The first five weeks of my new life in Amsterdam was spent in what I considered the suburbs, but in reality were still “inside the ring”. The distinction would be quite important. Where Jasper lives is still considered Amsterdam city, at least to the residents of the area and the local government. For the people that know me, they’ll realize just how difficult it was to be in North. I mean, there was a bus from Central Station, but any place that you can also take a ferry to get home is in the middle of nowhere. For me, not being a driver or a biker, being that far away from “civilization” made it a bit of a challenge to go out every day. But I forced myself to do it. The nature of teaching online for VIPKid made that absolutely imperative. Otherwise, I would’ve been a recluse. In fact, I probably would’ve been a card-carrying member of the International Union of Recluses.
At the end of May 2017, I moved into my own place. It ticked all of my boxes: Elevator building, upper floor, two bedrooms, canal view. Before you get all excited, canals are kind of a dime a dozen in Amsterdam. And mine was not one of the main ones. In hindsight, I should have checked a couple of things before I moved. In addition to being a card-carrying member of the International Union of Recluses, I was also a member of the International Union of Pyrophobics, to which I paid my dues religiously. My pyrophobia was (and is) so bad, that as a child that I could not light a match. To be fair, I still can’t. This was to prove problematic in my new place. My apartment has a gas stove. I did not realize at the time, but the burners on my stove are not connected to electrical power. As a result, they do not ignite automatically. For someone who has as violent a fear of fire as I do, the discovery was a disaster. When I realized that I couldn’t light the stove without a lighter, I began to hyperventilate. Also to cry. How do you not connect the stove to electricity? My landlord didn’t see what the big deal was. I will tell you that it’s really very annoying to have to light your stove every time you want to use it. I have gotten used to it now and using a kitchen lighter to light the stove on the lowest setting has gotten easier. The first month was rather terrifying. I learned my lesson, however. Before signing a lease, make sure that the appliances work properly.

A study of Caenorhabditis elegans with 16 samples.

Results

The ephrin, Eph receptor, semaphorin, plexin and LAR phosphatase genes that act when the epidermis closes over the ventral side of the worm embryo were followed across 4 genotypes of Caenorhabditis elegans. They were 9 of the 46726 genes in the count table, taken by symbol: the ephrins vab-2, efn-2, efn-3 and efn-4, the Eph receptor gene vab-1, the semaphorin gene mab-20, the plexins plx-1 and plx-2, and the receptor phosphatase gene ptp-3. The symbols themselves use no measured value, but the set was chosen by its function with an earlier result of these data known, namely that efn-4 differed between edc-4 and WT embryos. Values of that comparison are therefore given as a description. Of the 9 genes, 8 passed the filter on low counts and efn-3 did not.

Once I had worked on my fear (I won’t say conquered) and settled into my new place, I could get back into the swing of teaching. This I did with alacrity. I was soon teaching 36 to 40 hours a week over seven days. I have maintained this schedule for the last year. Three months after I moved into the apartment, I could start thinking about where I wanted to take my teaching career. I started thinking about how to transfer my skills in English language teaching to Amsterdam. Lots of little ideas were flying back-and-forth in my head, but I realized that I missed Inkreadable and face-to-face, in-real-life classroom interaction. I had the fortune to meet a woman who had been teaching for about 10 years in Amsterdam, though her language was Greek not English. Despina was all that was encouraging about my language teaching goals in Amsterdam. She told me and she was absolutely certain that I was going to be able to find clients who wanted to better their English. I told her about Inkreadable. She took a look at my website and told me that with a few changes I could easily bring it here to Amsterdam. This I duly started to do. It proved to be remarkably similar to the journey that I began in DC four years before.
I went to the city government of Amsterdam, registered as a self-employed person with a company and engaged the services of an account to pay my quarterly VAT Taxes. It turned out that I could run all of my income from VIPKid, as well as any extra income that I earned through the company. That allowed me to pay taxes in the Netherlands, which is good because you also get different benefits if you pay taxes and are a Dutch resident. Despina turned out to be a godsend. She gave me my first non-teaching lead in Amsterdam, as well as a Greek student who wanted English lessons. Things were starting to look up.
I had figured out that in order to excess both of my skill sets, the approach Inkreadable took would have to be a little different. I would market writing skills to English speaking children of the international school community, and English language lessons to parents who wanted a base in English for their kids earlier than the nine-year-old start. Now all I needed to do was figure out how to do that. That was easier said than done. Want to find out why? Come on back, the plot thickens.
That’s all she wrote for this Inkreadable Installment. But stay tuned, As always, there is more to come.